BABBITT’S PRIZE FOR SHORT FICTION
Winner: Nicole Vavalle
This year’s judge, Jeremy M. Davies, chose Nicole Vavalle as the winner of the Babbitt’s Prize for Short Fiction for her short story “Forsaken,” praising Vavalle for “understanding that the battle is always fought on the level of the sentence. Hers twist and turn and often end up in surprising places, and she isn’t afraid to get her hands dirty in the process.” Vavalle will receive $50 cash and $50 in store credit from Babbitt’s Books in downtown Normal, Illinois. Honorable mention went to junior Mari Fike. Jeremy M. Davies, who is an editor at Dalkey Archive Press, is the author of the novel Rose Alley (Counterpath, 2009).
THE ACADEMY OF AMERICAN POETS PRIZE
Winner: Stephen Whitfield
Judge Robert Archambeau selected first-year student Stephen Whitfield as winner of the Arthur William Hinners and Louise Hinners Sipfle Poetry Prize, presented by The Academy of American Poets. Archambeau noted that Whitfield’s poetry was of “consistently high quality,” and that Whitfield had “a way of making strong, sometimes startling, similes and metaphors.” Whitfield will receive $100 and a certificate from The Academy. Honorable mention went to senior Christy Spees. Archambeau is the author and editor of numerous books, including Home and Variations (Salt, 2004), a collection of poems, and Laureates and Heretics (Notre Dame, 2010), a work of criticism. He teaches English at Lake Forest College.
You’ve no doubt heard of The New York Times Bestseller List, but there’s a list for small press releases as well, and Professor Joanne Diaz‘ first book of poetry, The Lessons (Silverfish Review Press), is #5 on the Poetry Foundation list of February Best Sellers.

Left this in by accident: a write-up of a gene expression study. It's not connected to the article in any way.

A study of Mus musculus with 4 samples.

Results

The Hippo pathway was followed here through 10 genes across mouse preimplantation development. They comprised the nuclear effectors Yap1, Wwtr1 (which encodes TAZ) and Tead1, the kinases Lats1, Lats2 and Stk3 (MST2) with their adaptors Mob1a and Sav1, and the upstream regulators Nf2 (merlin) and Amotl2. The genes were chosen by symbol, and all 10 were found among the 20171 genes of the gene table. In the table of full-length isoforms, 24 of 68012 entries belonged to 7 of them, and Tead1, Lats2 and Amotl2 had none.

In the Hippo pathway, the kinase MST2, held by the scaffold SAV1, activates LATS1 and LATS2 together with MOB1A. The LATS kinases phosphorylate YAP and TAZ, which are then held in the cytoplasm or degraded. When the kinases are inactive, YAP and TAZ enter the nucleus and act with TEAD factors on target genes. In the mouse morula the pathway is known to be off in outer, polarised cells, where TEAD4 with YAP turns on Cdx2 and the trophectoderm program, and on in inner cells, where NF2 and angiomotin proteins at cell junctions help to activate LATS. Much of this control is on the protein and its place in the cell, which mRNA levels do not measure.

Joanne has a busy weekend promoting the book. Tonight–Friday, March 25, she’s featured with Elise Paschen in Evanston, Ill. at a Rhino Reads! Open Mic, and on Sunday, March 27, she’s offering a writing workshop at the Evanston Public Library.
The Sigma Tau Delta Executive Board announced that the spring colloquium will be held at 4:30 p.m. on Thursday, March 31, at the home of Professor Dan Terkla. Dan lives 6-7 blocks east of campus on 18 White Place. Presenters this time will be seniors Nicole Travis and Kevin Hogan.
Joanna Frieda Mulder (’08) is having a good week. In addition to receiving honorable mention from a competition sponsored by Blue Mesa Review, she recently won the H.E. Francis Short Story Award, sponsored by the Ruth Hindman Foundation and the Department of English at the University of Alabama at Huntsville. “I also received a personal note/rejection from The New Yorker, she writes. “All this has encouraged me to continue.” Ironically or prophetically, her winning story was titled “This Will Be Our Year.”
Mulder, who won the Nikki Kaye Pape President’s Club Award for Excellence in Writing her senior year at IWU, will finish her MFA this May at the University of North Carolina-Wilmington, where she works as managing editor for the national literary magazine Ecotone. Her honorable mention short story, “Gary, East Side, 1997,” is forthcoming in Issue #24 of Blue Mesa Review, which is published by students in the creative writing program at the University of New Mexico.
Two IWU students will share their work at the 20th Annual Undergraduate Conference on English Language and Literature, sponsored by the University of St. Francis in Joliet, March 18-19.
Nicole Travis (’11) will present “The Portrait of a King: Reconciling the Historic and Romance King Arthur,” and Christy Spees (’11) will present “Be a Man, Be a Woman, or Be Silent: Gender Identity in Le Roman de Silence.”
The conference draws participants from big schools (University of Chicago, Iowa State University) and small (Hope College, Eureka College), from the U.S. and Canada.